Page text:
Yael Hersonski, A Film Unfinished, 2010, stills from a black-and-white and color film, 89 minutes.


IN MAY 1942, a Third Reich film crew arrived at the Warsaw Ghetto, the largest of the Nazis’ heavily guarded urban enclosures designed for the separation, containment, and inhuman deprivation of Jews before their ultimate transfer to extermination camps. It was there that this unit shot an unfinished propaganda film titled Ghetto, footage of which was first discovered in 1954 in an East German film vault. To this day, despite the Third Reich’s meticulous record keeping, little is known about the production.

Israeli director Yael Hersonski has now made this document the center of A Film Unfinished, a profound and disturbing investigation into the uses of cinema. Here the original footage is interwoven with transcripts from the official questioning of cameraman Willy Wist, the only Third Reich crew member ever identified from the production; entries about the filming from the diaries of Ghetto inhabitants, including Jewish Council director Adam Czerniaków; alternate takes and outtakes of the “final” product found separately in 1998; and reactions to the film from Ghetto and Holocaust survivors. “In what ways can archival footage filmed by the perpetrators testify to the suffering of the victims?” Hersonski writes in a statement. “And in the case of Nazi propaganda footage, where does cinematic manipulation end and reality begin?” Ghetto is filled with images of the Nazis twisting the extreme plight of oppressed Jews toward perverse anthropological and racist ends: as documents of customs and religious practices of a soon-to-be-destroyed race (in the case of scenes featuring circumcisions and ritual bathing) and as proof of the Jews’ inherent barbarity (via scenes focusing on the few people able to live in some measure of comfort even as their fellow citizens were starving in the streets).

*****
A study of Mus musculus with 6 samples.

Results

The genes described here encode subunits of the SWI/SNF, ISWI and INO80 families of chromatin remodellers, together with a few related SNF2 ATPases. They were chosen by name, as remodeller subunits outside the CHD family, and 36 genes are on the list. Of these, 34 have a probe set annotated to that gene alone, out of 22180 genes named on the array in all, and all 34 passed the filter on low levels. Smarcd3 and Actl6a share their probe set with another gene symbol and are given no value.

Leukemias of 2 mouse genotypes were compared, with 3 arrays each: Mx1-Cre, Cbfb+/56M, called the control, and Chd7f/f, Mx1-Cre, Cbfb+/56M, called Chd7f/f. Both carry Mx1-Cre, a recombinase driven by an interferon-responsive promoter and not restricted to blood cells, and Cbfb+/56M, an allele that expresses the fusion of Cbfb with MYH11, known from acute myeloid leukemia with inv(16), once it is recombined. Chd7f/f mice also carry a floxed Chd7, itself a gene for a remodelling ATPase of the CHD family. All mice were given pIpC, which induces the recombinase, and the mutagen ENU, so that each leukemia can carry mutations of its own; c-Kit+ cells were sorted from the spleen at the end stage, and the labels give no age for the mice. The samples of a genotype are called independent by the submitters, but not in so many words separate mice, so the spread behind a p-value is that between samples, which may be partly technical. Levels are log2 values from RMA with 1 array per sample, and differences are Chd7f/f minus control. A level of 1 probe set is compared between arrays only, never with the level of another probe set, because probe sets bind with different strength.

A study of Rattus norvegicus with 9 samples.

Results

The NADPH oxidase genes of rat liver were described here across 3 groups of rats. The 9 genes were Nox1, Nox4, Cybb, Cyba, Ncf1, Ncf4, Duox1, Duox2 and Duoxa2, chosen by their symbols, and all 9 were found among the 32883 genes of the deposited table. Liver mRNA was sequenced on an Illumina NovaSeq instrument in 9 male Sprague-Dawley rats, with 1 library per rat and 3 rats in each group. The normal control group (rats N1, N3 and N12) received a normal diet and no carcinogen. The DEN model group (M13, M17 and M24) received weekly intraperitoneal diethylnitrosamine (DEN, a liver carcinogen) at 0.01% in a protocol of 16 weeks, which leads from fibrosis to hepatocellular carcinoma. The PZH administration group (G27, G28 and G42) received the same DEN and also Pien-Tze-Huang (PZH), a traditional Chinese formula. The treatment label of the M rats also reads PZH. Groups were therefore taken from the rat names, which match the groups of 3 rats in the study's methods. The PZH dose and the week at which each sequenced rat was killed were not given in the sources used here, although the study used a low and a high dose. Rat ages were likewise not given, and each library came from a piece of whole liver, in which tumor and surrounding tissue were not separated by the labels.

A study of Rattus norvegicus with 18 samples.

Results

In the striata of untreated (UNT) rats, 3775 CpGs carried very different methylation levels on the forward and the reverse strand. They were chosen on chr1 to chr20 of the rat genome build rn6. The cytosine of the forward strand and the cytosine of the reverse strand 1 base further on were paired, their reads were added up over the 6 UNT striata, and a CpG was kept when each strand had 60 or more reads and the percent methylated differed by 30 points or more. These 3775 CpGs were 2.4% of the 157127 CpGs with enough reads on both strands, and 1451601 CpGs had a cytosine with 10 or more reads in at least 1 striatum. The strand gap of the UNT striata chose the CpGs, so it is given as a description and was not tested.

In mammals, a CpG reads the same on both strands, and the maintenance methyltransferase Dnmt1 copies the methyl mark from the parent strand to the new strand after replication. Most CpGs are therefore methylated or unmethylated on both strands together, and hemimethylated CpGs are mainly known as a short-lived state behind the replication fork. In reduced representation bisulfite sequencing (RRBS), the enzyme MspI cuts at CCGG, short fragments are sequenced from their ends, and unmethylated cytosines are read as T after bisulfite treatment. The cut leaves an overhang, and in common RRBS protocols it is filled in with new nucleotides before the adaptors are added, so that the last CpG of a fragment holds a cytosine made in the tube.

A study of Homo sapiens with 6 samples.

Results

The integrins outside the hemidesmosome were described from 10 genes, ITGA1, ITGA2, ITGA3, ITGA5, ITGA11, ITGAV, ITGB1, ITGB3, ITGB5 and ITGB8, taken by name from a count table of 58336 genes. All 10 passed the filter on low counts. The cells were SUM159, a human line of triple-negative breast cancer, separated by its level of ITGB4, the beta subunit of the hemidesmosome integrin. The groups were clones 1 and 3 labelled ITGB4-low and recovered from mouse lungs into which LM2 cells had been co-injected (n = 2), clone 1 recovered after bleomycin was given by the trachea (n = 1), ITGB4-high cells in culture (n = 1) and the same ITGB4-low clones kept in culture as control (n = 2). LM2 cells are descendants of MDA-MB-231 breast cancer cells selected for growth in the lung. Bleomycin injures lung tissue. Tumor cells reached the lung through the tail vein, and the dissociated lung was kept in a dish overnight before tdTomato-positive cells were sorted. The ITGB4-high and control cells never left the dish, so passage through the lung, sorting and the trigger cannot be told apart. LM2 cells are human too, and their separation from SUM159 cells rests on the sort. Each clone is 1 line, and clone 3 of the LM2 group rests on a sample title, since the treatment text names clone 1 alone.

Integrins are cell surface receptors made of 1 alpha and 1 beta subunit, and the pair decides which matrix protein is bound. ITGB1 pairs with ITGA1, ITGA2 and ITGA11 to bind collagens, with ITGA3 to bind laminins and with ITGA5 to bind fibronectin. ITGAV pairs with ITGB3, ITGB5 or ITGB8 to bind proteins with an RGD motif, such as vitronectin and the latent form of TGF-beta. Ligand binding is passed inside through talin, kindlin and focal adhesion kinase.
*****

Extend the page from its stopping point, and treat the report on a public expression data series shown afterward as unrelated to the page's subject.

As proven by Wist’s admissions, Czerniaków’s diary entries, and the alternate takes, sequences were carefully fabricated by the film crew (some of whom were accidentally captured in the frame), who, with the aid of SS troops, forced Jews into demeaning performances at gunpoint. The Nazis also ended up documenting the atrocious results of the very conditions they created: emaciated citizens living in abject squalor, corpses lying in the middle of crowded markets, the dead unceremoniously shoveled into mass graves. Hersonski has stated that the anguished gaze of the Jews caught on camera attests to their resistance against oppressors who tried to strip them of dignity, even on celluloid. But the most moving moments of A Film Unfinished attest to the perseverance of that dignity after living through the evil so callously delivered by the Nazis. While watching the unbearable images from Ghetto, one elderly survivor admits to a time during which she was so traumatized by what happened she couldn’t even cry. “Today I am human,” she whispers. “Today I can cry.”

Michael Joshua Rowin

A Film Unfinished plays August 18–31 at Film Forum in New York. For more details, click here.